Sophie loved Edmund, but he left town when her parents forced her to marry wealthy Octavius. Years later, Edmund returns with his son, William. Sophie's daughter, Marguerite, and William ... See full summary »
Self-absorbed Dr. Lee Johnson enlists with the Army medical corps during World War II, more out of a feeling that it's "the thing to do" rather than deep-seated patriotism. On his first day, he's put into place by 'Snapshot', a sassy and attractive nurse. Their initial antagonism blossoms into romance. Lee then finds himself torn with guilt over being unfaithful to his wife, Penny, who's waiting for him back home.Written by
Daniel Bubbeo <email@example.com>
New York film critics names this picture as one of the ten worst for 1948. See more »
At the end of the film. Penny Johnson says she followed his (her husband, Clark Gable) movements on a map. During World War II people in the military had it drilled into them that could not say anything about where they in letters sent back home. And to make sure they kept that rule. The mail from soldiers was heavily censored. This has been mentioned in numerous histories of World War II. And my own father's experience with this backs this up. He sailed all over the world during the war and the censors made no attempt to mask the fact that they had opened and read mail. So my mother started sending my father a stick of gum in letters to him. But, she always included two. One for the censor and one for my dad. And most times. That second stick was gone. And with Gable being an officer it's even less likely any information about his movements around Europe would have been available to his wife. See more »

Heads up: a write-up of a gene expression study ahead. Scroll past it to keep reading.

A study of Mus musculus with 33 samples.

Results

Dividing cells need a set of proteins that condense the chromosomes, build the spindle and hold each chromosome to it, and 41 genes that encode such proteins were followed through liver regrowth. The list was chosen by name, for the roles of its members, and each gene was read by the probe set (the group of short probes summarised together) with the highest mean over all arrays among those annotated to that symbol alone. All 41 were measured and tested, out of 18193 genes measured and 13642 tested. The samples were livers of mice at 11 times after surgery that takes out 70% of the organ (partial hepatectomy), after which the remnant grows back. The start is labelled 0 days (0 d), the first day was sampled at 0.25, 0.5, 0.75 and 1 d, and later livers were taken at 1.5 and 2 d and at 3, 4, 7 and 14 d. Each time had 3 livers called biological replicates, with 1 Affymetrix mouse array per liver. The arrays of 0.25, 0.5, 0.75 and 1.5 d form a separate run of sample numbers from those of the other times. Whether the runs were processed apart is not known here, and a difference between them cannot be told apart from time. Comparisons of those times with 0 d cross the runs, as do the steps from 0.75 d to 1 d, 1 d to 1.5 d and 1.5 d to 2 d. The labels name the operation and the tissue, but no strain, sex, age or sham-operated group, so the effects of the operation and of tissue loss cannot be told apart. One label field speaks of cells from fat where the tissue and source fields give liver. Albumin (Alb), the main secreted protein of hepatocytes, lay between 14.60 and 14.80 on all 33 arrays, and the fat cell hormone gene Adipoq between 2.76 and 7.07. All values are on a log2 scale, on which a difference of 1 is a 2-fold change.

Clark Gable, Lana Turner, Anne Baxter, John Hodiak, and Gladys Cooper star in "Homecoming," a 1948 film about wartime and its aftermath. Gable plays a surgeon, Lee, who falls for a nurse (Turner) with whom he puts together the wounded, endures a life with only the barest of necessities, sits in shelters, and dodges. Back home, his devoted wife (Baxter) realizes by reading his letters that she's losing him.
World War II has been romanticized often in films and in music - somehow, it is perceived by people who lived through Vietnam, Desert Storm, and our current conflicts as being somehow a cleaner war. But no war is clean, and there were some homecomings that were difficult as well. This was touched upon in "The Best Years of Our Lives," and very well here.
The story is brought to life by its players. The role of Snapshot the nurse is a different one for the glamorous and beautiful Turner than what she was normally handed - the curse of the beautiful in Hollywood. She was capable of much more, and she gives a strong performance as an outspoken soldier who finally lets her vulnerability show. The stalwart Gable gives us a man who realizes the detached attitude he had toward his patients at home will no longer work, and he has to rethink himself and his life. Baxter is the "one left out," who can't experience the war, and she gives an excellent portrayal of a woman who loves her husband but doesn't know what to expect from him when he comes home. "I know he's changed," she laments, "but why couldn't we have changed together?" Her real-life husband, John Hodiak, looks quite handsome but doesn't have much to do as a family friend - his brief brush with stardom was a few years away.
A very nice movie that shows that homecoming can be uncomfortable and bittersweet.